1100. Married and counting
© Bruce Goodman 25 July 2017
Some people can’t but help get lucky. Such was the case with Sally Ebbett. She fell in love with a Bohemian gentleman who was Count Fridrik Hasištejnský z Lobkowicz. Sally loved his accent. He was not only titled but rich. Count Fridrik Hasištejnský z Lobkowicz proposed and they were married on a Croatian mountaintop with a magnificent view. Sally wanted a lavish church wedding, but Count Fridrik Hasištejnský z Lobkowicz thought something simpler was a lot nicer. And indeed it was!
Count Fridrik Hasištejnský z Lobkowicz had a castle which Sally had never seen. It was in the hinterland and full of tapestries and servants. Sally couldn’t wait to get there, but her husband kept suggesting other plans for them to enjoy their early married life.
“It doesn’t hurt for us rich people to occasionally rough it like ordinary poor folk,” said Count Fridrik Hasištejnský z Lobkowicz. (He pronounced “poor folk” as “purr Voke”; he was so Bohemian! so disarming!) “It is easy to lose touch with reality and misplace one’s humility. A simple walk in a dark forest is more agreeable than having a servant dust your bookshelf.”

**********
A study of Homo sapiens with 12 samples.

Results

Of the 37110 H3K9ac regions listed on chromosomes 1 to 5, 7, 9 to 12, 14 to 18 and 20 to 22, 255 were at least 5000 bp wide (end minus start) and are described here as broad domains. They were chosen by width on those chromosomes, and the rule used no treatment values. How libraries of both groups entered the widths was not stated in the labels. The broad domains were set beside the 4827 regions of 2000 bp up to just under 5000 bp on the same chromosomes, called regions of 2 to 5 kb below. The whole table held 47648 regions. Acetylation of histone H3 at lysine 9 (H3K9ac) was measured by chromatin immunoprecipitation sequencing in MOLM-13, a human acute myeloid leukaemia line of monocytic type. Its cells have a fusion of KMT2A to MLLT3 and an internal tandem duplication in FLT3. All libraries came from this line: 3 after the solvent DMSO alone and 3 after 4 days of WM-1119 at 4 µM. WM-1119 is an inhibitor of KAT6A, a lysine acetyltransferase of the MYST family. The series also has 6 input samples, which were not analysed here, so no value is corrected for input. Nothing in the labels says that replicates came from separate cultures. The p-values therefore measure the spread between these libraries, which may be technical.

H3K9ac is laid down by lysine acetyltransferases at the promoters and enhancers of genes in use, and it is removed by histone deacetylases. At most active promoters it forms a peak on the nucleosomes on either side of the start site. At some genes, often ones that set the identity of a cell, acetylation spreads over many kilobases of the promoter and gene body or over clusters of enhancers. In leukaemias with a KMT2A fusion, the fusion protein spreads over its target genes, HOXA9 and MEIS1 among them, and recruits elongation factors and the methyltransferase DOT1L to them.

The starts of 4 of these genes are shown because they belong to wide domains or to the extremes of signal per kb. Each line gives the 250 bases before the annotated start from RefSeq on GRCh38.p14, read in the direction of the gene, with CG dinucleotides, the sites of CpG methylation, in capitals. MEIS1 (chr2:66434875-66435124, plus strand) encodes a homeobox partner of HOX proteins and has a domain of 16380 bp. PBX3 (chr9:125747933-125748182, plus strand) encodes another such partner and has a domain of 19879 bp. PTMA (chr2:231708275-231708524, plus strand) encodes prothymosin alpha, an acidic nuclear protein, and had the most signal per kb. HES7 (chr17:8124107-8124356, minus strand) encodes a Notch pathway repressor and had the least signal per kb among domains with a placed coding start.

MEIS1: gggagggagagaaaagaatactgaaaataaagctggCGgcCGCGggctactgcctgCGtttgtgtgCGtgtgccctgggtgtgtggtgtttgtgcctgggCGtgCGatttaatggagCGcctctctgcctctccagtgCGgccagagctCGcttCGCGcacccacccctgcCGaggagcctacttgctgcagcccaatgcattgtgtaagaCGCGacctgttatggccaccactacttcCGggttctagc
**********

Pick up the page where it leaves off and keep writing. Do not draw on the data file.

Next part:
They lived for a while in a little caravan on the side of a river. Sally’s husband liked to fish. He certainly led the life of the landed gentry! Who else could afford not to work and to fish all day?
Eventually Sally got really sick of him. “I want to go to my castle and live the life of the rich,” said Sally.
But there was no castle. There was no fortune. And conman, Johnny Jones from the next village, was now floating down the river with his head decapitated by a spade.